LPs with meaningful allocations to venture capital were likely pleased with the asset class’s performance in 2019. The year saw returns from VC reach record levels, according to an analysis by eFront.
But when the covid-19 pandemic erupted this year and the stock market took a nosedive, LPs prepared for their venture capital returns to also turn red. These fears were short-lived. Many late-stage funds took substantial mark-downs in Q1, only to mark them back up the following quarter.
This pattern is readily evident in the quarterly performance of the Washington State Investment Board’s VC and growth equity portfolio. The majority of WSIB’s venture and growth equity funds took an internal rate of return hit from the fourth quarter of 2019 to Q1 of this year.
For example, Sequoia Capital’s third global growth fund had a 9.49 percent IRR at the end of last year and a 6.05 percent IRR as of Q1 2020, representing a major hit to the firm’s $8 billion fund and WSIB’s $350 million commitment to it.
But a quarter later, Sequoia’s flagship fund recorded a net IRR of 16.07 percent. It not only made up lost ground, but it also nearly doubled its previous record IRR.
Other vehicles in WSIB’s portfolio that show dramatic recoveries post-Q1 markdowns are TCV’s ninth and 10th funds.
LPs and GPs knocked down the values of VC funds in anticipation that the pandemic would negatively impact the underlying assets. But it quickly became evident that many VC–backed companies were accelerating amid widespread shutdowns.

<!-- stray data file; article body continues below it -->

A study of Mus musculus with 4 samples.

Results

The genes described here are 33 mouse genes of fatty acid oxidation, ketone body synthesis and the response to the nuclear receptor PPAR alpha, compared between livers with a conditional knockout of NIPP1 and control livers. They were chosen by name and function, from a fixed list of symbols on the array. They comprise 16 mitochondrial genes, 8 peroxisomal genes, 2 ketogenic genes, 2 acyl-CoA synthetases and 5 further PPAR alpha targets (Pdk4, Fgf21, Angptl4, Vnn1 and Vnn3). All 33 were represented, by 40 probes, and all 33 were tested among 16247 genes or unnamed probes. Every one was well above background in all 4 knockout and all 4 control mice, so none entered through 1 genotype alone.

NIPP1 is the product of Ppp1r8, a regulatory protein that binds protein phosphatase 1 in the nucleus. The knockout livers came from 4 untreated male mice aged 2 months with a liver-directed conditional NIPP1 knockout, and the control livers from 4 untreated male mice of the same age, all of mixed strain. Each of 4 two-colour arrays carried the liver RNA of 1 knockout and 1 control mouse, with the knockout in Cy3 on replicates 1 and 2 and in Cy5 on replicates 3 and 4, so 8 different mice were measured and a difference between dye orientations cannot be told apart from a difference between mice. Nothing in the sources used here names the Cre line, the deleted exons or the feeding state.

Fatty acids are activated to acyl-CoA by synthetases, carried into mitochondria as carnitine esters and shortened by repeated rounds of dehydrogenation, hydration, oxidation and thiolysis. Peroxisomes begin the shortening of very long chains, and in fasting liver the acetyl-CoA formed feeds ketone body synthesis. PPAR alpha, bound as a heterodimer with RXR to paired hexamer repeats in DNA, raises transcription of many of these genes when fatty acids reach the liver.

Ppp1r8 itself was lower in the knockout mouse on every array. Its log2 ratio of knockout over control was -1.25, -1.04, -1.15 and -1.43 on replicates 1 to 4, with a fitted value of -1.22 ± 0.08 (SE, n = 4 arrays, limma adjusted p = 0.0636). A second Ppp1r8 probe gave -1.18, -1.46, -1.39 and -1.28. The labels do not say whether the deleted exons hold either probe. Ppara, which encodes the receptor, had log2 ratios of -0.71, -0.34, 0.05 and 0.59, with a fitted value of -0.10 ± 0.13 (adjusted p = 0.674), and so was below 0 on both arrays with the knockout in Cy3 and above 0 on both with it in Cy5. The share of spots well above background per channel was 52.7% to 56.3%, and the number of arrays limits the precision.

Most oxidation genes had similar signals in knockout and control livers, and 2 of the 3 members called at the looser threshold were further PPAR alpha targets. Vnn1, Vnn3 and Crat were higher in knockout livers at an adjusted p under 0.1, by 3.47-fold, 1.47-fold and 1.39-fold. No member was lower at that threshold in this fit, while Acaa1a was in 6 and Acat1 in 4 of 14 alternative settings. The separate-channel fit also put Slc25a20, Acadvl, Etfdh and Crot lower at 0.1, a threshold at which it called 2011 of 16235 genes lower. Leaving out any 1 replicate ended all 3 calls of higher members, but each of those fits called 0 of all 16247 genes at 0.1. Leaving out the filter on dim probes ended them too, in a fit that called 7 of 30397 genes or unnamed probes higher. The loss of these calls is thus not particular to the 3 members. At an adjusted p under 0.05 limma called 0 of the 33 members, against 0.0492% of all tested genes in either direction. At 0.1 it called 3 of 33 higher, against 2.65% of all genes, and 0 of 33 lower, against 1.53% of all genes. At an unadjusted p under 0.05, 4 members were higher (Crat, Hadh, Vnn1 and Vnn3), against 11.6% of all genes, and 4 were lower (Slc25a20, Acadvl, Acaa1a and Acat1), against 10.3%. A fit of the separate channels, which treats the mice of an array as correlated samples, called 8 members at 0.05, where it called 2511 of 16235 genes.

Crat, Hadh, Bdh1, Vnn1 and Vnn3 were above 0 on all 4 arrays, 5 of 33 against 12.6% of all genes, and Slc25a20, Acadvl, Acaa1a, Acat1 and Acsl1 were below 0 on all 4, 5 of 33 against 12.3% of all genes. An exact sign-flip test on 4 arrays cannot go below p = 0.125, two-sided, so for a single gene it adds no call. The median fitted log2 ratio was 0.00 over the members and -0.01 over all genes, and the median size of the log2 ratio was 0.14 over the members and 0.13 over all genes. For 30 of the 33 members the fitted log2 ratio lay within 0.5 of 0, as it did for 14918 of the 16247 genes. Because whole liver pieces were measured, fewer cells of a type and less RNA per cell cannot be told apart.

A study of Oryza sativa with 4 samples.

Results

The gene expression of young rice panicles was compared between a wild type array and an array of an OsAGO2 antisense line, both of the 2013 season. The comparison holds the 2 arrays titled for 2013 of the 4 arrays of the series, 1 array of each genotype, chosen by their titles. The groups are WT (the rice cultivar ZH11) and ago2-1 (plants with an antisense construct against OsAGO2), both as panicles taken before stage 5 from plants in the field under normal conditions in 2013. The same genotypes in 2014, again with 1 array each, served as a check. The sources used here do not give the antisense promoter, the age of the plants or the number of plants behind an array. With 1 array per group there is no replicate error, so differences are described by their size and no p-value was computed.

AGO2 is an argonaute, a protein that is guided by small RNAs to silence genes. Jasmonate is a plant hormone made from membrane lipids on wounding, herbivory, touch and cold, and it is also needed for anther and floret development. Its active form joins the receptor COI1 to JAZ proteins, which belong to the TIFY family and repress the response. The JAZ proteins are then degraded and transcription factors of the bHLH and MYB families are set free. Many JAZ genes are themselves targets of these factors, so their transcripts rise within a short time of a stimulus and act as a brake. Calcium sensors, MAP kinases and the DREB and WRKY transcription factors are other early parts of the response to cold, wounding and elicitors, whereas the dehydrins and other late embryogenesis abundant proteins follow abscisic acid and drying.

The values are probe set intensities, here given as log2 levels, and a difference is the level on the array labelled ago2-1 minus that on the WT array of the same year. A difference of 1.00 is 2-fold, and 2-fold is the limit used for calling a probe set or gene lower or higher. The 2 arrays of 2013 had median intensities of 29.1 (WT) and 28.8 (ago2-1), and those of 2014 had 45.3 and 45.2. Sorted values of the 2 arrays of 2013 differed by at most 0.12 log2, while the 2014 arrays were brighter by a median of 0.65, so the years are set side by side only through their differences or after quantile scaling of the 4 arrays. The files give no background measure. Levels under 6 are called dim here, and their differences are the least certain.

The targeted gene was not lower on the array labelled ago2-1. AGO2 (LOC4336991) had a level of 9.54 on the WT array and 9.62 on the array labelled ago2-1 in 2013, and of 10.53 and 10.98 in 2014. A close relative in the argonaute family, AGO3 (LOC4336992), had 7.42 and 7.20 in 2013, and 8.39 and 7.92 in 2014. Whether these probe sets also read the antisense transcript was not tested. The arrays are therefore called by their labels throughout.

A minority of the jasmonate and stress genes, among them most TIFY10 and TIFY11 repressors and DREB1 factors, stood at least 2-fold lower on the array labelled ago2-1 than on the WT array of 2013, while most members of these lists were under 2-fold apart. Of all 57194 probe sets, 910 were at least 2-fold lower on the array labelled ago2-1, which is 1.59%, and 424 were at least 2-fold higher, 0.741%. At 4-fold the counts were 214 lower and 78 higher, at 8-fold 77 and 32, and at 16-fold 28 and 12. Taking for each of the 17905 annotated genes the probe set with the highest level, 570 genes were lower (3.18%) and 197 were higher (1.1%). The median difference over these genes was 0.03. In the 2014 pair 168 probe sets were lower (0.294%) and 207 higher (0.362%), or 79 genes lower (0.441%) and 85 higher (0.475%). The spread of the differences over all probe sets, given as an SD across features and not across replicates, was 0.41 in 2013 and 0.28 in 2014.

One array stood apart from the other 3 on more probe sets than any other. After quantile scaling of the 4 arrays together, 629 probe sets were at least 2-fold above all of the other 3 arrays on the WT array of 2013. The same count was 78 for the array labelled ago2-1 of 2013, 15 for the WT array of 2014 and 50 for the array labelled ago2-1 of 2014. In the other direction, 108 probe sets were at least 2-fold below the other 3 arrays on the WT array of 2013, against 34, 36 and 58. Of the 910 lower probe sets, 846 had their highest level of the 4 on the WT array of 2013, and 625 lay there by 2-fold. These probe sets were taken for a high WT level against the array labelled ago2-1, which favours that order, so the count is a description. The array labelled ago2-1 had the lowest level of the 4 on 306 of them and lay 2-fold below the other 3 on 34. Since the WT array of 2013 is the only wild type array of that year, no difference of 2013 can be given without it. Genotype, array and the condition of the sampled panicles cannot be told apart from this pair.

A boon for late-stage VC
“Covid-19 essentially hit fast-forward on many long-term growth-equity trends,” said Miguel Luiña, head of global venture and growth equity for Hamilton Lane.
While early-stage start-ups are still working on product-market fit, many late-stage companies are now reaping the majority of rewards from the shift from analog to digital, he explained in an earlier interview with Venture Capital Journal.
Hamilton Lane, which happens to be WSIB’s advisor, sees strong opportunities in the late-stage and growth-equity market segments.
“Our client base is particularly interested in increasing exposure to growth equity,” Luiña said.
This late-stage and growth equity heavy portfolio appears to have benefitted WSIB this year.
Amid the pandemic, venture capitalists were more likely to support late-stage companies, which have less perceived risk than their early-stage counterparts. And the data proves this. 2020 is on pace to set record late-stage deal values while early-stage investing activity is down from last year, according to Q3 data from PitchBook and the National Venture Capital Association.
In addition to TCV and Sequoia’s mega-fund, WSIB’s growth equity portfolio includes vehicles from TPG and Insight Partners.
The $116 billion Washington State LP had exposure to earlier-stage funds, including Union Square Ventures, Polaris Venture Partners and New Enterprise Associates in the early 2000s, but decided not to re-up with these firms following the global financial crisis. However, WSIB held on to its relationship with Menlo Ventures, a firm that invests in early and late-stage companies.
Out of the more than a dozen VC and growth equity funds in WSIB’s portfolio, only Menlo Special Opportunities fund, a young $250 million 2016 vintage vehicle aimed at supporting Series B and C companies, did not recover lost IRR ground from Q1 to Q2, according to WSIB’s latest quarterly report.